Kim Ondaatje's Steetley on Highway #5
Kim Ondaatje’s current exhibition at the Robert McLaughlin Gallery in Oshawa, ON surveys a career spanning over fifty years, and in doing so, serves to entrench the artist within the canon of the Canadian landscape tradition. Ondaatje’s three major bodies of work are emphasized in the show and include the Hill series, which harkens back to the sumptuous canvases of Tom Thomson and the Group of Seven, The House on Piccadilly Street, a pointed investigation of domestic vernacular spaces with a nod to London-based artists Jack Chambers and Greg Curnoe, and finally the Factory series. Running from 1970 to 1974, the Factory works represent a calculated ethic grounded in conservation and sustainability, as well as a subtle condemnation of the havoc-wreaking industries that tattoo the landscape.
The series was initiated when Ondaatje encountered a thin grey residue from a nearby cement factory that blanketed her family cottage. Around the same time, she was reading Rachel Carson’s vastly influential 1962 book Silent Spring, which criticized the culture of pollution and pesticide use in the United States at the time. She began to study and photograph the locations of various factories in London, Toronto, and Sudbury. For this, she can be said to be one of the forerunners of internationally-acclaimed (and often criticized) Canadian environmental photographer Edward Burtynsky.
Take, for example, 1971’s Steetley on Highway #5. Here Ondaatje layers thin washes of acrylic paint to texture the smog and fog emitting from two tall smokestacks positioned centre-left of the canvas. Using seemingly unconventional materials and objects such as masking tape, fishing line, toothpicks, and other media, Ondaatje builds up layers to portray a realistic sense of three-dimensionality. Though her colour palette is relatively subdued and selective—deadened blues and impenetrable greys—bold colours including goldenrod yellows and maroon reds dot the vast landscape of the canvas: a silo of the factory building and two heavy-duty trucks. Their position, just below dead centre of the painting, cleverly helps to maintain its balance, unity, and harmony. However, off into the deep distance stands another colour, a tiny speck of red paint on a pole meant to signify the Canadian flag, which quite literally fixes the painting, and its loaded subject matter, within Canada.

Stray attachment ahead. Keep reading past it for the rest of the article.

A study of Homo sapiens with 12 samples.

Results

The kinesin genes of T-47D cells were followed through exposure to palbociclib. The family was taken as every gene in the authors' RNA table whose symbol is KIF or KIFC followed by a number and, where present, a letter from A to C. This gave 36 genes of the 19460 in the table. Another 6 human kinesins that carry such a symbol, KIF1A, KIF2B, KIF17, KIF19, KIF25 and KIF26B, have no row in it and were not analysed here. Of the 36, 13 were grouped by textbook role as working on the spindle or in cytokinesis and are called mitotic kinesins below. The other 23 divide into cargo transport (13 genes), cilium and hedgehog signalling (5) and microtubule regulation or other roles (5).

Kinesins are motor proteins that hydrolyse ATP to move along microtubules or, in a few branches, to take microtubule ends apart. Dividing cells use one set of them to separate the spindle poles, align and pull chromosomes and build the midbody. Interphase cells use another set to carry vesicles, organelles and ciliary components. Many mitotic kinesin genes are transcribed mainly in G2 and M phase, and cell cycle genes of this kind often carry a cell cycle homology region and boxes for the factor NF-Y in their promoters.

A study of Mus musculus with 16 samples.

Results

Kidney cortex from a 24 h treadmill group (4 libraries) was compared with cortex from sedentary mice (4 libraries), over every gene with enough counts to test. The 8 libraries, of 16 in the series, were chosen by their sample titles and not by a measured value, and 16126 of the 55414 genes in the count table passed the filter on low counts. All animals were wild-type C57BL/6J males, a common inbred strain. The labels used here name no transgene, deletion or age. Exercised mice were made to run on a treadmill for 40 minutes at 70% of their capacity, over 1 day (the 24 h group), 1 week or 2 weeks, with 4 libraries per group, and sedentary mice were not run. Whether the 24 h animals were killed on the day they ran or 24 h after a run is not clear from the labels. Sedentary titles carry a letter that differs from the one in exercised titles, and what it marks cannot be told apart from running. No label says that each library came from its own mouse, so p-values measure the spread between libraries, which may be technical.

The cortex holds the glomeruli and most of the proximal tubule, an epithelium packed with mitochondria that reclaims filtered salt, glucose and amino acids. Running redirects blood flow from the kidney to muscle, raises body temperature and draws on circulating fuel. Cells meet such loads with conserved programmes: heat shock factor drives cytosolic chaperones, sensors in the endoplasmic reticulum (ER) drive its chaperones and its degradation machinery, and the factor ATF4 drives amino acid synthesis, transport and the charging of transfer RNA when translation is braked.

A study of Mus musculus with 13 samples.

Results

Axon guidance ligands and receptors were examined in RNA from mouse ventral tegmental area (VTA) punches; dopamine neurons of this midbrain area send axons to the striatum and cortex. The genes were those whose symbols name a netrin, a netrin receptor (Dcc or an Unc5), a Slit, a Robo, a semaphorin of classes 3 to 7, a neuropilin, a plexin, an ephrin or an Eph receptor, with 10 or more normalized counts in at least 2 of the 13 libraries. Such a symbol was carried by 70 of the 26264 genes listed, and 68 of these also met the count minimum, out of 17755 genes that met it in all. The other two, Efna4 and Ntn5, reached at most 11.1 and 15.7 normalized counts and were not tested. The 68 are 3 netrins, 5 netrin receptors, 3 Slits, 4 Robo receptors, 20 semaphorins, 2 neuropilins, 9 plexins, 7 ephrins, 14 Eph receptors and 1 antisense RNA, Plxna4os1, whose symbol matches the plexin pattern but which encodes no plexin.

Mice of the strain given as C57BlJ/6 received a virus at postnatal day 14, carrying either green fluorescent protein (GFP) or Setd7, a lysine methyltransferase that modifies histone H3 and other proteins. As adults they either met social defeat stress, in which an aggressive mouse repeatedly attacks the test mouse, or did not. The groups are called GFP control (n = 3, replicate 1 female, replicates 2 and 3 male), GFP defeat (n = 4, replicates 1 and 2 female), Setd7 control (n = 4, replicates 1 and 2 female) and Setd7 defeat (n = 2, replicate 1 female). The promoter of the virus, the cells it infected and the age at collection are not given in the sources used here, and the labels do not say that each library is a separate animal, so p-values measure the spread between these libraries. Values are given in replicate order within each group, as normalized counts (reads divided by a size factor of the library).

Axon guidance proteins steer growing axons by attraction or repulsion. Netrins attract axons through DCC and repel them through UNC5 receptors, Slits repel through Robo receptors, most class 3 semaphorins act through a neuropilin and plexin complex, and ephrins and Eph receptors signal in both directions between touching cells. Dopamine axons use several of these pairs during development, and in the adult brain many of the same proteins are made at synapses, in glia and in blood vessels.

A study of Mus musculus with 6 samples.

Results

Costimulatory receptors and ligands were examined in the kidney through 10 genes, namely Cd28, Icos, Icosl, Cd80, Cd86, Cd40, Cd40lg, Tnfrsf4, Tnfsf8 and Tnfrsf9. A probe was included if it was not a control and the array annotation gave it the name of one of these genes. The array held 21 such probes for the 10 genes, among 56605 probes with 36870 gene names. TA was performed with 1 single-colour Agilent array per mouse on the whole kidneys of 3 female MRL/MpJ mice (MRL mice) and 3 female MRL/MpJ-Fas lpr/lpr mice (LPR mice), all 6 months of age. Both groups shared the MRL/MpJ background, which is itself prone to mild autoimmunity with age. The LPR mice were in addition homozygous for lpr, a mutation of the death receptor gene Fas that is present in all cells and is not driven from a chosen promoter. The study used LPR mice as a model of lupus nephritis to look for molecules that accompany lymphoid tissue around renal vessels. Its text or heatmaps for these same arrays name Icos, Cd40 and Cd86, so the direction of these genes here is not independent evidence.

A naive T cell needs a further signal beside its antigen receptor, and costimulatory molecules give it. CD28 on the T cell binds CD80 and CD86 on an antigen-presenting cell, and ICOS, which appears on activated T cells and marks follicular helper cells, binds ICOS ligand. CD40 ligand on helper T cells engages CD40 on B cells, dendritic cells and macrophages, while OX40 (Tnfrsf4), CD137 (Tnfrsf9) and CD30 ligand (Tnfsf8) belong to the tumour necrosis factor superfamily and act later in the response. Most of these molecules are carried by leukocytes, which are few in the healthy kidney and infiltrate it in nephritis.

Essentially, in the Factory series, CO2 and heavy metal emissions masquerade as sensuous and curtailing paint, which is why much of these works exist in a liminal state, somewhere in the gulf between beautiful and sinister. The retrospective positions Ondaatje within the tradition of Canadian painting but it may do something else; it delivers a nuanced illustration of environmental concerns in Canada before they gained currency.